By Tony Meyer
March 27, 2012

Our bodies need change; they get used to the same old routine and get bored, too. If you want get over your workout plateau you’ve got to embrace change.

Here’s how you do it:

Modify your workout.
If you like to use the elliptical or treadmill, try raising the incline setting, increase the speed, or use one of the pre-programmed routines on the machine. If weights are more your thing, change up the order of your exercises — use heavier weights, do more sets with fewer reps, or do fewer sets with more reps. The point is to vary your routine.

Modify your diet.
As we lose weight, our bodies need fewer calories to maintain this lower weight. You need to adjust your caloric intake to account for lower caloric needs. Try to cut out 100 to 200 calories a day and see what happens in a month.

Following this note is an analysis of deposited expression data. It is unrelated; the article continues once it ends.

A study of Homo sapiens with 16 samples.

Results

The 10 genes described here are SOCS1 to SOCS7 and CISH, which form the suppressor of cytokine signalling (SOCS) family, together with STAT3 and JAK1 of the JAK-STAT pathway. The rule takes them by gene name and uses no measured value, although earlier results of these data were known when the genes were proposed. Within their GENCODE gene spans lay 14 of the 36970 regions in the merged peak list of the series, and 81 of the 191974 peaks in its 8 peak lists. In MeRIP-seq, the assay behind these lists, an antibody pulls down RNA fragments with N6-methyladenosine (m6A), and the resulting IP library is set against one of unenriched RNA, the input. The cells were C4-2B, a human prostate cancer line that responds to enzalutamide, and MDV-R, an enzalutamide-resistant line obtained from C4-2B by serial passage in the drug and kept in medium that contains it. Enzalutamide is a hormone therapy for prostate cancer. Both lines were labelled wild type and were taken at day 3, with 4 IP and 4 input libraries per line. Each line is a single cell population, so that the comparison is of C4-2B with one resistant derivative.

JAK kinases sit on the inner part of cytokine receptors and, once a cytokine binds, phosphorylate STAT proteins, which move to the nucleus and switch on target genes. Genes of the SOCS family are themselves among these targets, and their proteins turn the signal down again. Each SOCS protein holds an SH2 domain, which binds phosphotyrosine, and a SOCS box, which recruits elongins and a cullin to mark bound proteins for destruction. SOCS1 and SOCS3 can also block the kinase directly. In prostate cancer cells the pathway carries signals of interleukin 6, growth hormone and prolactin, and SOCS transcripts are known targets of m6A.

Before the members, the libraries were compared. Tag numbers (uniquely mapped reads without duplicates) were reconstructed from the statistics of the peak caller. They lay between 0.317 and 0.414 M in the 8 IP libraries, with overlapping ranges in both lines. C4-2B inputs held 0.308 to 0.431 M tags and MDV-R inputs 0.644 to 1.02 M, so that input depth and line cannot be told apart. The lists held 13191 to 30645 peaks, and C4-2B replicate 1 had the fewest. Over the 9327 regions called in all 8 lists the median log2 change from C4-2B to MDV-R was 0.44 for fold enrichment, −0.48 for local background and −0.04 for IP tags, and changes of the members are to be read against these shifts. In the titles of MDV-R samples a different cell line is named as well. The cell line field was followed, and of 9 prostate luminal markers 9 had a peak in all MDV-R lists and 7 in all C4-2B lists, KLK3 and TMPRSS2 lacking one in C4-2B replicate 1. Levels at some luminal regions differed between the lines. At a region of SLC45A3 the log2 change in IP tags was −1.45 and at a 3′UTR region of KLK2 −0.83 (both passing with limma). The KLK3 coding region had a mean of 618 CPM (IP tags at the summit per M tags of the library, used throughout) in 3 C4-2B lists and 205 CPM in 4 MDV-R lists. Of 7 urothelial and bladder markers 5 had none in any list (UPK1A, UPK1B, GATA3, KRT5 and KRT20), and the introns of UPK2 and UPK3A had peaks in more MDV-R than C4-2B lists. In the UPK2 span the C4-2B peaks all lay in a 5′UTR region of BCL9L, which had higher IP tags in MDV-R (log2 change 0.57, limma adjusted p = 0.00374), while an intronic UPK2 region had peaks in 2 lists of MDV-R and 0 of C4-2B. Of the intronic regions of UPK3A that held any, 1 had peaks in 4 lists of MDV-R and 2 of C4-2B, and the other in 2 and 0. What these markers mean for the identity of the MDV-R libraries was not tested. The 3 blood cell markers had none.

Modify the intensity of your workout.
There are aerobic and anaerobic types of cardio: Long duration, low-intensity cardio is aerobic; short duration, high-intensity cardio is anaerobic. For a fun way to get anaerobic cardio, try sprints on the treadmill or the Kettlebell or Gladiator classes. These high-intensity exercises will kickstart your metabolism into overdrive. For a change in aerobic cardio, try Boot Camp or Boxing. Both classes are fun and burn just as many — if not more — calories than running on the treadmill for 60 minutes.

Remember what it felt like when you first started exercising? If you truly want to overcome the workout plateau, you’ve got to push yourself back to that point. A little discomfort is not a bad thing — that’s how your body knows to adapt.